June 4, 2008 | 12:55 pm
Posted by Brad A. Greenberg
When I was at UCLA, students were constantly bombarded by activists and evangelists on Bruin Walk. I remember only one. It was an anti-abortion organization that showed up with the most disturbing supersized posters I had ever seen: the explicit images of blotted-out babies. I can still see the fractured fetus photographed beside a thumb, implying the digit had snuffed it out.
The posters, which made a lot of kids uncomfortable, raised an important question about free speech on campus. UCLA, to its credit and many students’ horror, let the protesters remain.
A slightly different scenario is playing out now in Minnesota, where a 12-year-old boy filed suit against his school for allegedly harassing him because of the pro-life t-shirts he chose to wear.
The boy, referenced in the lawsuit only as “K. B.,” was reportedly and repeatedly harassed, ostracized, publicly ridiculed, and threatened with disciplinary action by school officials because he wore t-shirts produced by the American Life League as part of their anti-abortion awareness campaign.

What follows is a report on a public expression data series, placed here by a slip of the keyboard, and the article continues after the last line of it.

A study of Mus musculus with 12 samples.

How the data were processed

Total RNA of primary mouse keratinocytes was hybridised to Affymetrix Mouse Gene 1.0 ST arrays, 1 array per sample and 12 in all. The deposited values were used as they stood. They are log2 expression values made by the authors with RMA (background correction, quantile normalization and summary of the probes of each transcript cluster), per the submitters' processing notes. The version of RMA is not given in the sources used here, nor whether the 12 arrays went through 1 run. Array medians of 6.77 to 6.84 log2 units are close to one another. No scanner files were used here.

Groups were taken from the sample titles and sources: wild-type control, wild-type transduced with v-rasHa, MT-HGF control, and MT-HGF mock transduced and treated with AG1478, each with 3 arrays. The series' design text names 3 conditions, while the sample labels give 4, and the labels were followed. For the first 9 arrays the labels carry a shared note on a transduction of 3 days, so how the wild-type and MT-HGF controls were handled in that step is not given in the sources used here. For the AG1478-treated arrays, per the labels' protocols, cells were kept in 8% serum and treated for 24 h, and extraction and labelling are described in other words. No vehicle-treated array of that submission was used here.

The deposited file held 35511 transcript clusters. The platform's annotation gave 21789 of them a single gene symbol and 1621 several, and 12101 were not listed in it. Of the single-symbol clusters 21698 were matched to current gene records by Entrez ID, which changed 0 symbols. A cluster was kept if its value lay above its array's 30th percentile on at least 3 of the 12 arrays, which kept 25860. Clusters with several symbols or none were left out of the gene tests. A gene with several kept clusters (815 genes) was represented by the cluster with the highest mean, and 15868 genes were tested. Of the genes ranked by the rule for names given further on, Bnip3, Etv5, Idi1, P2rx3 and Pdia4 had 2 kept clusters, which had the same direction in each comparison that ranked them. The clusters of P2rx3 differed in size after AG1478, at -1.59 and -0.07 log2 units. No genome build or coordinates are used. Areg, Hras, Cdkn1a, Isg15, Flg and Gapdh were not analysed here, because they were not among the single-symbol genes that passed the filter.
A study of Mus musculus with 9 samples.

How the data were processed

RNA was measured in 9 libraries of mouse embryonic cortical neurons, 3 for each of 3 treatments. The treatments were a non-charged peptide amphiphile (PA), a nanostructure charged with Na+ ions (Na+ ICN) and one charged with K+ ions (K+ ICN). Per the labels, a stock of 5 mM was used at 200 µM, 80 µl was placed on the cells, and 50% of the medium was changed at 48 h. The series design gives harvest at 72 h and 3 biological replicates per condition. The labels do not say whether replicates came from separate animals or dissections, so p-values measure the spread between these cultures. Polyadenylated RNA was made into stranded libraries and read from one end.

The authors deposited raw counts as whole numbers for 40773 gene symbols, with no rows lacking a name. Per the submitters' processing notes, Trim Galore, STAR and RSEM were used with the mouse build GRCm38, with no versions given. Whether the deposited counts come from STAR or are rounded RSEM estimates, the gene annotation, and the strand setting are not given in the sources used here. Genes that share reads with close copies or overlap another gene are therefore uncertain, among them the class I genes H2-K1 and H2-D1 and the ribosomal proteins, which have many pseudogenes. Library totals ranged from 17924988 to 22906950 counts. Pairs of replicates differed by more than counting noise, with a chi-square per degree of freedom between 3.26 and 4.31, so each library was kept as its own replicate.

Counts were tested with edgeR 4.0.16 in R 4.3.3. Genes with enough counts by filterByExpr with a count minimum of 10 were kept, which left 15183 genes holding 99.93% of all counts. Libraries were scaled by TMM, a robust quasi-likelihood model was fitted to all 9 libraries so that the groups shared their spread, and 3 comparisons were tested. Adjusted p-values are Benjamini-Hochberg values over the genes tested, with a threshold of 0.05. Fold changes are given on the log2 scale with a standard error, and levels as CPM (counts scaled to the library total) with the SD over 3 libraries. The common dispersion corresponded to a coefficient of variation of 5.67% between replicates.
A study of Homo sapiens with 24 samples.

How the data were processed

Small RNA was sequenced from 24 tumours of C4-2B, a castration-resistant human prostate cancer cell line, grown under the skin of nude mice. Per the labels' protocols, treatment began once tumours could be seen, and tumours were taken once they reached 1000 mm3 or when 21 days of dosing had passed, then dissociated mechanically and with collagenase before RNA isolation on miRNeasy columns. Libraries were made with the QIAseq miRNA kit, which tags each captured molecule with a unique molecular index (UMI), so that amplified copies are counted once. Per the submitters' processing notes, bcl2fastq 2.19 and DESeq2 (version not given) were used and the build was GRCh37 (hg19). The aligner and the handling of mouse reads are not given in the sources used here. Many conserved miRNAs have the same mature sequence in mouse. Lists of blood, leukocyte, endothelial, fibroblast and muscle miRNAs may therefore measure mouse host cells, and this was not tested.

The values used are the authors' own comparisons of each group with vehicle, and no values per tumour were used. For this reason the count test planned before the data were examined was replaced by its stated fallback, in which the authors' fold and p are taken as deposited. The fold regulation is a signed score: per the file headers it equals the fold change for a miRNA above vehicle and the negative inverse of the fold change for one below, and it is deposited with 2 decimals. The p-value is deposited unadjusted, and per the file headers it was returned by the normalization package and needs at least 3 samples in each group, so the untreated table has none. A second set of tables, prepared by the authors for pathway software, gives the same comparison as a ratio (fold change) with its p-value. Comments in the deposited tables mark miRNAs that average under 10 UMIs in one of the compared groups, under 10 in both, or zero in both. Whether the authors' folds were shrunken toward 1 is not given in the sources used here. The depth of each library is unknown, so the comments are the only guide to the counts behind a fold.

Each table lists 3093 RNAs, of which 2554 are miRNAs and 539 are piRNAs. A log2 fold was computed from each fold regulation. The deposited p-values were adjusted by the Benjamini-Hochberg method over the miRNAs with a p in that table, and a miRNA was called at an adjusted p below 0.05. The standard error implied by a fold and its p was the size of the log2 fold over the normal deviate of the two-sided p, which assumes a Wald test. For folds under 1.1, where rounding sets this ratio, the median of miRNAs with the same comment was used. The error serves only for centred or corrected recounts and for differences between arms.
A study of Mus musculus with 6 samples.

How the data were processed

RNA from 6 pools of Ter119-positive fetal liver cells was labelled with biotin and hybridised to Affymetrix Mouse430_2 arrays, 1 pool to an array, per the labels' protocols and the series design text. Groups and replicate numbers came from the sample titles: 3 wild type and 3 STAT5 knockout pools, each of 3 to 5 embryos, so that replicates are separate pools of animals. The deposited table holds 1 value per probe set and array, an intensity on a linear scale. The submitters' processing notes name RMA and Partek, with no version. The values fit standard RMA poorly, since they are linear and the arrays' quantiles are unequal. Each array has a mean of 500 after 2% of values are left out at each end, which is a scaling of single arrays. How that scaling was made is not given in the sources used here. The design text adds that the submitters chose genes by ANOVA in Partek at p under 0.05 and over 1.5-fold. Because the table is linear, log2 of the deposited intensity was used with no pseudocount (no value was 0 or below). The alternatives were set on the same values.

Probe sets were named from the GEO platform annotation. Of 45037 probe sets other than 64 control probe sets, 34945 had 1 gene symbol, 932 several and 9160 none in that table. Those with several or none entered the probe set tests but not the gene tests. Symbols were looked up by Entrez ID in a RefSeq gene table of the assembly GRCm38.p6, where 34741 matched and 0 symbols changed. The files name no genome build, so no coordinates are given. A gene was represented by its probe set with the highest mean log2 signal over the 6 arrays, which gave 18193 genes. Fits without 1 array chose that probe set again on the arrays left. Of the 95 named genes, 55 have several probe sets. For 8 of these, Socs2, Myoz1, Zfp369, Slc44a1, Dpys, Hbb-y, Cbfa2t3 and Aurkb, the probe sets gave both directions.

The t-shirts displayed images of unborn babies accompanied with such messages as, “Abortion: Growing, Growing, Gone,” “What part of abortion don’t you understand?” and “Never Known – Not Forgotten” alongside “47,000,000 babies aborted 1973-2008” printed on the back.
Richard Thompson, president and chief counsel of the Thomas More Law Center (TMLC), said that the case was a clear issue of viewpoint discrimination. Hutchinson Middle School officials were clearly in the wrong, he said.
“This courageous young Christian was ridiculed and threatened by teachers for expressing his deeply held beliefs. These school officials clearly violated the U. S. Constitution and the school’s own written Dress Policy which specifically states it is not intended to abridge the rights of students to express political or religious messages,” he explained in a statement.
Although the school lists as its policy that students with “inappropriate” clothing deemed disruptive to “the educational process” may be sent home, TMLC attorney Brandon Bolling noted that the young student was never asked to do this.